Bishops Press Congress to Remember Poor

The U.S. Congress must remember "the least of these" in society as it makes choices on the federal budget for fiscal year 2010, according to the chairmen of two U.S. bishops committees in a joint letter to members of Congress. "Our faith and moral principles call us to measure economic decisions on whether they enhance or undermine the lives of those most in need," said Bishops Howard J. Hubbard of Albany, N.Y., and William F. Murphy of Rockville Centre, N.Y.

Among the domestic items the bishops emphasized in their letter were health care, affordable housing, climate change, the D.C. Opportunity Scholarships program for the District of Columbia, funding for federal child nutrition programs, and domestic agricultural supports for smaller farms. On international issues, the bishops stressed an increase in the international affairs budget, the Migration and Refugee Assistance account, and the Office of Refugee Resettlement budget.


Health Care and W.I.C. On health care, the bishops said they "strongly urge" Congress to direct the money set aside in President Barack Obamas budget to "provide health care for all" and assure that health care "protects and enhances life and does not threaten or diminish it." The bishops said $4 billion a year—$20 billion over five years—would help make "critical improvements in access, outreach and nutrition" in federal programs such as the Women, Infants and Children nutrition program, known as WIC.

Housing. The bishops said Congress should restore funding to programs that provide affordable housing to families, including Section 8 vouchers, which allow individuals to pool federal subsidies with their own money to find quality housing. The bishops also asked that Congress fully capitalize the National Housing Trust Fund, which would increase the inventory of affordable housing in communities.

Education. They addressed the D.C. Opportunity Scholarships program, which is up for re-authorization by Congress. It is a trial program that has allowed low-income students in low-achieving public school neighborhoods to attend religious and independent schools in the nations capital. "It would be a terrible injustice to undermine this impressive and needed effort," they said.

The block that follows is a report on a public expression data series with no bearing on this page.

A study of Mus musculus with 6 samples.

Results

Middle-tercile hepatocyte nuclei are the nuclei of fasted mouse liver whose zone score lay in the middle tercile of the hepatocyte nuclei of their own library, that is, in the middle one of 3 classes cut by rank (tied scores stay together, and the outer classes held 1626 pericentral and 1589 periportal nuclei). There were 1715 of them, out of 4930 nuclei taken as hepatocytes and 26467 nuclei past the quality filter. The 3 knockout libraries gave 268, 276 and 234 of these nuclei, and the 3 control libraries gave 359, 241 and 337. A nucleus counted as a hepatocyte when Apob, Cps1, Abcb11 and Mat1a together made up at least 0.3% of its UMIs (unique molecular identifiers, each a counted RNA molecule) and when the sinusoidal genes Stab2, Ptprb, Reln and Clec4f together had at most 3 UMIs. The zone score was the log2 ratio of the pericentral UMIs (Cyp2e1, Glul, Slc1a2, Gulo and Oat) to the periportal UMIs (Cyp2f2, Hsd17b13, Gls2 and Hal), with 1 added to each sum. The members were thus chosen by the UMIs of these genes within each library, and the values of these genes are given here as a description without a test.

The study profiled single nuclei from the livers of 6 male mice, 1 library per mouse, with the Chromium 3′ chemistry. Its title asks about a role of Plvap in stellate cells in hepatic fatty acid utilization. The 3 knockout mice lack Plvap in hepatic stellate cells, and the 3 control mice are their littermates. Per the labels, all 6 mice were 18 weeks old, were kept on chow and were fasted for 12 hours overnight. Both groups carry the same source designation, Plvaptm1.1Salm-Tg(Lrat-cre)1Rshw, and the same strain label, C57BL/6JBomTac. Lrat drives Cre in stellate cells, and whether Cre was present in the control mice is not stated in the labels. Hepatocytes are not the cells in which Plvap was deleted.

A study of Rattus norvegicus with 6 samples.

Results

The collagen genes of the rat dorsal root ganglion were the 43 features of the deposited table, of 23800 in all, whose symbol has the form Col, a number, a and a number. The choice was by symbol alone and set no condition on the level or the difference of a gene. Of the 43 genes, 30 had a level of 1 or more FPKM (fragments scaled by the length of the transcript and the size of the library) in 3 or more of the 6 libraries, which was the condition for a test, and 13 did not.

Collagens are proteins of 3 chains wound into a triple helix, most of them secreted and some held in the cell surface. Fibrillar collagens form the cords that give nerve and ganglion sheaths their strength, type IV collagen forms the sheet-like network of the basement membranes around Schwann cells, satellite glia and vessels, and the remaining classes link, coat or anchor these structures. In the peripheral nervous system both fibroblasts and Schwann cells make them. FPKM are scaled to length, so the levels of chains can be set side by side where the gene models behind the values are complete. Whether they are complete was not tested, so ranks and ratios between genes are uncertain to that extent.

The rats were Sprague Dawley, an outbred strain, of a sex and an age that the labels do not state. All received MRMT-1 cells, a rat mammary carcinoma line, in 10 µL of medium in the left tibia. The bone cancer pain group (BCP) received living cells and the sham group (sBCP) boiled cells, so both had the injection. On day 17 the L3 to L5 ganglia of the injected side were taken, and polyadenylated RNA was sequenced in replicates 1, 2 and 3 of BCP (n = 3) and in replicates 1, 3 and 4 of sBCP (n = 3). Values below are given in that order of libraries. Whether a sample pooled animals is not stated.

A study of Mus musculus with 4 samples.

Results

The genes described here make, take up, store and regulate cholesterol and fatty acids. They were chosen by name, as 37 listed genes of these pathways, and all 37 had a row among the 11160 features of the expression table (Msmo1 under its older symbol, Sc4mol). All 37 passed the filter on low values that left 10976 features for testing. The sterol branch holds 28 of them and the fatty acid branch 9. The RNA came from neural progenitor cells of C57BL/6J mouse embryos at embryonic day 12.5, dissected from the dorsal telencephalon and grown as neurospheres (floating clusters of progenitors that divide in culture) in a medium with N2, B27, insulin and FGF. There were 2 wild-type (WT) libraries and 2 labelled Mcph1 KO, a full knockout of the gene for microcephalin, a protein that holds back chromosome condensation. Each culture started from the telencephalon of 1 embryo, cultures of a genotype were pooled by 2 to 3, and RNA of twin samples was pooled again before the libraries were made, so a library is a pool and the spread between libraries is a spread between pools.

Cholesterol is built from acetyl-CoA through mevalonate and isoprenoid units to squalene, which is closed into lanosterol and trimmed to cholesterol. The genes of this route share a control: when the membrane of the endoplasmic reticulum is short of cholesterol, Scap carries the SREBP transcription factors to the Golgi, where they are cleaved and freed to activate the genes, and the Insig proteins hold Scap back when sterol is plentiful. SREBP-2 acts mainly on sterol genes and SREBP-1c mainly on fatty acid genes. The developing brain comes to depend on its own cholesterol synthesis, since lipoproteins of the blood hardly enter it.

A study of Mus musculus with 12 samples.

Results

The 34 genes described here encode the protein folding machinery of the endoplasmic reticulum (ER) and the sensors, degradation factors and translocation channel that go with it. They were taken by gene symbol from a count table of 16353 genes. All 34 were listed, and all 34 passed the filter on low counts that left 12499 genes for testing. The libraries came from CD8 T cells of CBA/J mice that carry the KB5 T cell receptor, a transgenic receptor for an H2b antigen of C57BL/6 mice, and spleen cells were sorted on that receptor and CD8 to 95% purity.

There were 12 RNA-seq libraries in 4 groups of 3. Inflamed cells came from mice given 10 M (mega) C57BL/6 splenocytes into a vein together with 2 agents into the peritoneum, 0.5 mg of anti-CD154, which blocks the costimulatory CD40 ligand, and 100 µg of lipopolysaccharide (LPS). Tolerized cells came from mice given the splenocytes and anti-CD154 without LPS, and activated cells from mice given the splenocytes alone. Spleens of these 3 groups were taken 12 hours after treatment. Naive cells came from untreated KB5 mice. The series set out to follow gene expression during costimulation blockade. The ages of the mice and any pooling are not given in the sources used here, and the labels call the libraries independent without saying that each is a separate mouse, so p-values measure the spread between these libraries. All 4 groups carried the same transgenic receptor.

Climate change. Bishops Hubbard and Murphy said climate change needed to be addressed both domestically and internationally. "The budget and other measures must effectively provide help to poor families in the United States and in poor countries to adapt and mitigate the costs and consequences of climate-change policy," they added.

Foreign affairs. The bishops’ requested a hike of $4.5 billion for the international affairs budget includig $3 billion for humanitarian assistance, development, food aid, debt relief, peacekeeping programs and HIV and AIDS treatment. They also estimated that 125,000 refugees could be resettled in the United States with a $2.05 billion Migration and Refugee Assistance account allocation to the State Department, with an additional $1.16 billion to the Department of Health and Human Services Office of Refugee Resettlement to provide domestic resettlement help to refugees from abroad.

"Too often the weak and vulnerable are not heard in the budget debate," Bishops Hubbard and Murphy said. “While they do not have powerful lobbyists, poor children and their families have compelling needs that have a priority claim on our consciences and our choices as the nation allocates limited federal resources," they said.